DHS news release
May 29, 2008
General contact: Ken Palke, 503-947-5286
Program contact: Wendy Hausotter, 503-945-9703
Overall youth gambling down, but Internet's lure draws concern, DHS reports
One of every 20 Oregon adolescents may be a problem or at-risk gambler and many youngsters are being drawn to free gambling-type games on the Internet, according to a recent study sponsored by the Oregon Department of Human Services (DHS).
The study findings, which are in a report titled "Oregon Youth and Their Parents: Gambling and Problem Gambling Prevalence and Attitudes," will be used to refine and develop Oregon's model problem gambling prevention programs.
Oregon's techno-savvy youth indicate that they're gambling for free on the Internet. Many are playing less poker, which used to be the number one gambling activity among youngsters.
"The emergence of free gambling on the Internet is no surprise, but is of real concern," said Paul D. Potter, DHS problem gambling services manager. "Ads for online games pop up, and kids think that if money's not involved there's no risk.
"Kids don't realize they're being primed to play for money later, which is illegal. They can also become a victim of identity theft," he said. "Parents need to be vigilant about their kids' Internet use."
Despite the increase in Internet play, gambling among Oregon 12- to 17-year-olds has declined significantly in the past decade, primarily due to a change in attitudes about young people and gambling.
"When parents learn more about the potential risks of youth gambling, they do a better job of helping their kids make different choices about using their leisure time," said Potter. "Our statewide and local prevention and awareness efforts are paying off, especially when you realize that during the same decade opportunities to gamble have increased."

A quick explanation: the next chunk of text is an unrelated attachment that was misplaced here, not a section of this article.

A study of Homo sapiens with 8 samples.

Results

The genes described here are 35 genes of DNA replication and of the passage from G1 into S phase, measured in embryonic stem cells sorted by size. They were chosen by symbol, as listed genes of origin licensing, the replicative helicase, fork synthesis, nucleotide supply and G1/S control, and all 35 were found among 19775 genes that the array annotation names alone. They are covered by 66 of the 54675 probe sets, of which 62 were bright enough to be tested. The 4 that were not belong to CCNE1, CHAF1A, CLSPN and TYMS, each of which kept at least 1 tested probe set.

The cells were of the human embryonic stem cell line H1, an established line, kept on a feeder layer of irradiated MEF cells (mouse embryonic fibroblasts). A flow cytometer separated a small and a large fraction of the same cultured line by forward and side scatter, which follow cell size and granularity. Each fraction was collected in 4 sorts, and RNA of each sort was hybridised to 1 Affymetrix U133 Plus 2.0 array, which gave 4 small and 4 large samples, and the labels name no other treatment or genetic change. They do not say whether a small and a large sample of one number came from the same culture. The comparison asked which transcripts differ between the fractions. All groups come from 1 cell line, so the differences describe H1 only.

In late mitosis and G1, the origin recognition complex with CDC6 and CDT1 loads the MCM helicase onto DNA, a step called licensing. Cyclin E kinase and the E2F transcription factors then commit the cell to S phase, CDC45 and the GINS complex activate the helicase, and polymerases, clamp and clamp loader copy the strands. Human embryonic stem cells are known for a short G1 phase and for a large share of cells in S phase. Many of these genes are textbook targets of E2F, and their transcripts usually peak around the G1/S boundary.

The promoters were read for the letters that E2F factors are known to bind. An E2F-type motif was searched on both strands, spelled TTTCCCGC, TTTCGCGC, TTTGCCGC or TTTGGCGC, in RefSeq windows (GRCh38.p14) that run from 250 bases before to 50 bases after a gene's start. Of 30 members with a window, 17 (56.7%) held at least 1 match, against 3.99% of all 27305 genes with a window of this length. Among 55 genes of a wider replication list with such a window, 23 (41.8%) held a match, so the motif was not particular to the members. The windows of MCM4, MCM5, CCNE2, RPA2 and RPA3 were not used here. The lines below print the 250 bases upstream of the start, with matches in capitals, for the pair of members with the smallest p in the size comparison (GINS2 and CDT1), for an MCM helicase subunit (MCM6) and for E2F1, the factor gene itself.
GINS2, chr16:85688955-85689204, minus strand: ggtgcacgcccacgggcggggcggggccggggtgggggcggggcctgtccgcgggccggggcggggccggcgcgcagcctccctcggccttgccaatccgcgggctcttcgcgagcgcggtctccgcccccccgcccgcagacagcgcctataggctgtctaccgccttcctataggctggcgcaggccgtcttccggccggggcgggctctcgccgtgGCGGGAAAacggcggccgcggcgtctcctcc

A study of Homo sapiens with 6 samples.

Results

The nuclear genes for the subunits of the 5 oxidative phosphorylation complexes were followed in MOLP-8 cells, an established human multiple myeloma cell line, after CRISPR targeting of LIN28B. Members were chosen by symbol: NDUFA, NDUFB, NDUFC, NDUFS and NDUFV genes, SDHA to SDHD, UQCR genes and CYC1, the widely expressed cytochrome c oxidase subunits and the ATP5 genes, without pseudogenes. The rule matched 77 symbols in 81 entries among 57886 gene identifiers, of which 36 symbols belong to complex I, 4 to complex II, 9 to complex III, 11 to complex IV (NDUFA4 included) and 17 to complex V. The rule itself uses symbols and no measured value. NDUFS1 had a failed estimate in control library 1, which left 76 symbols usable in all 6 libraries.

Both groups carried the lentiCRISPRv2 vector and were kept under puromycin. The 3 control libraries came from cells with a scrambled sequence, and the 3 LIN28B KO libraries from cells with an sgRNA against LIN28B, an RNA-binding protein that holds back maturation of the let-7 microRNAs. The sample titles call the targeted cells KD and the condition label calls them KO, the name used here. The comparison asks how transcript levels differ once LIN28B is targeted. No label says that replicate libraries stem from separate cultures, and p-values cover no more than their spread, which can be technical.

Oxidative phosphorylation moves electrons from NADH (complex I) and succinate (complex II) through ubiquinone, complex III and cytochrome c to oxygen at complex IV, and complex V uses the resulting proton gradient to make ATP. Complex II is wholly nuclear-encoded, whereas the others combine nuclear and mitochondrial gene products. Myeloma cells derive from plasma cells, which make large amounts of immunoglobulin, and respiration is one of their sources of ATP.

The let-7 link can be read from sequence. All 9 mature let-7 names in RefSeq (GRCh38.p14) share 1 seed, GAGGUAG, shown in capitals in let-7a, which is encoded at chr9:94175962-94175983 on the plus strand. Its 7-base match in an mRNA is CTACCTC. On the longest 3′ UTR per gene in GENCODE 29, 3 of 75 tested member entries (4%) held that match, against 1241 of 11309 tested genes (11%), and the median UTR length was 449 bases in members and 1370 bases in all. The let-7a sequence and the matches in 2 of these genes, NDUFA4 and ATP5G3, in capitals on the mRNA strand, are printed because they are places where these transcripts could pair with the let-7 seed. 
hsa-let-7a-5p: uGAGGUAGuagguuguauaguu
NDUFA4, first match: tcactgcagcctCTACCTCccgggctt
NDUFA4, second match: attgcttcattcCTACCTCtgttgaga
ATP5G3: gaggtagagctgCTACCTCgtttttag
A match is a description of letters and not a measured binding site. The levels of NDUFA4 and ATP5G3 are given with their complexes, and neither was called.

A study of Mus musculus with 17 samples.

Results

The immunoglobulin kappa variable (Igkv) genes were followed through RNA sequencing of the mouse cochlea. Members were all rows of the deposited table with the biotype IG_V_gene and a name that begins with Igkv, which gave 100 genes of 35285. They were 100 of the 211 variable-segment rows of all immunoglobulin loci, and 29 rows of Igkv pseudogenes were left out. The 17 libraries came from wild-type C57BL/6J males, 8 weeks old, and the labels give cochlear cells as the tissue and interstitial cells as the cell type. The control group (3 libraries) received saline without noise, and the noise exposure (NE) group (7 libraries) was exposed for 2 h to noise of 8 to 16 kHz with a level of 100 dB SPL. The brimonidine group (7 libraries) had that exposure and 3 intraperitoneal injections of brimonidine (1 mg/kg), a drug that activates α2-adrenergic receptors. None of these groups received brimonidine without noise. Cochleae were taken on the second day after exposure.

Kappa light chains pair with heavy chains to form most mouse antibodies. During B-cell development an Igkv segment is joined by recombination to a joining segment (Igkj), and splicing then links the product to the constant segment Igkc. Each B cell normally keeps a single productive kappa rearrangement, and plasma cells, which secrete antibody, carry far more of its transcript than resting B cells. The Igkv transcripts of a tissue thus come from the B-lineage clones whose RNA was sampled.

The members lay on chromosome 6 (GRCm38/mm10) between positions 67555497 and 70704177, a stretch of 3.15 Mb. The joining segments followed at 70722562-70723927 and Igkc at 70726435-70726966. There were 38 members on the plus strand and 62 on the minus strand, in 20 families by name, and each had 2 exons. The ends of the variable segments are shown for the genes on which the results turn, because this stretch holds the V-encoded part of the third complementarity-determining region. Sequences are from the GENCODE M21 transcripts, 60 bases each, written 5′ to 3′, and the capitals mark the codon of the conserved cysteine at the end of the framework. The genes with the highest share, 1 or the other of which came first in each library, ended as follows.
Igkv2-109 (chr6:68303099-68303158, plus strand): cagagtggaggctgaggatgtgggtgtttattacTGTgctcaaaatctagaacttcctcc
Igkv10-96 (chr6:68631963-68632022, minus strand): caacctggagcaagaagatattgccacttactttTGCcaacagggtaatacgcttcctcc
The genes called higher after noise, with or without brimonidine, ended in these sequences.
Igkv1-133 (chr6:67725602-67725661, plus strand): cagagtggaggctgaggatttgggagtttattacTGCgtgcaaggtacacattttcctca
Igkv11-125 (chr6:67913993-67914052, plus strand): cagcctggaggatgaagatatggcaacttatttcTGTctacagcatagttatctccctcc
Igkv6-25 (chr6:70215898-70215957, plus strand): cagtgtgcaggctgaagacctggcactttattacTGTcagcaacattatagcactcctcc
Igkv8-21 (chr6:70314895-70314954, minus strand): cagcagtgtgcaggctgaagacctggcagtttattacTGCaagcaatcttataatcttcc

Potter said Oregon's awareness-raising job isn't finished, because the survey shows that despite evidence to the contrary, most parents and kids still don't see gambling as a behavior that can lead to serious problems, even addiction.
In the past 10 years the number of youths playing the Lottery has declined 80 percent. Potter praised the vigilance of casinos and the Oregon Lottery in helping to reduce underage gambling.
"Selling to anyone under the age of 18 is a violation of a retailer's contract with the Lottery and could put the business's ability to sell our games in jeopardy," said Carole Hardy, Oregon Lottery assistant director for marketing. "We are diligent about providing our retailers with training about the perils of underage play and other responsible selling programs."
According to the study, parents who gamble become role models in their households. Chances are double that their children will become at-risk gamblers and four times as likely that they will become problem gamblers.
Approximately 1.3 percent of Oregon adolescents are problem gamblers, which is narrowly defined as having an extreme pattern of behavior. Another 4.6 percent score as at-risk gamblers, which means that several risk factors are present. Young people who gamble are more likely to use alcohol and drugs, get into fights, skip school and engage in other risky behaviors, according to the study.
"When we hear parents say, ‘What's the harm in kids playing poker? At least I know where they are. They could be doing much worse things.', it tells us that they haven't seen the real data," said Potter. "If they did, they'd think twice."
Oregon parents and children in 1,550 families were interviewed by researchers from May to August 2007. The study found that 63 percent of adolescents gambled at least once, 46 percent gambled in the past year and three percent gamble weekly or more often. Boys gamble on a more regular basis than girls, and older teens are more likely to gamble regularly than younger ones.
The report recommends these improvements to awareness and prevention programs for youth gambling:
Use alternative approaches to help Oregon youth with gambling problems, such as teaching parents, teachers, counselors and other youth workers to understand that youth gambling is a problem and recognize its symptoms.
Integrate problem gambling information into existing school-based curricula on healthy choices and addictions.
Target awareness efforts to athletic coaches and similar groups because of higher problem gambling rates among school sports participants.
Information on problem gambling is available on the Web at 1877mylimit.org.
To reach the free and confidential Oregon Problem Gambling Hotline, call 1-877-MY-LIMIT or visit 1877mylimit.org.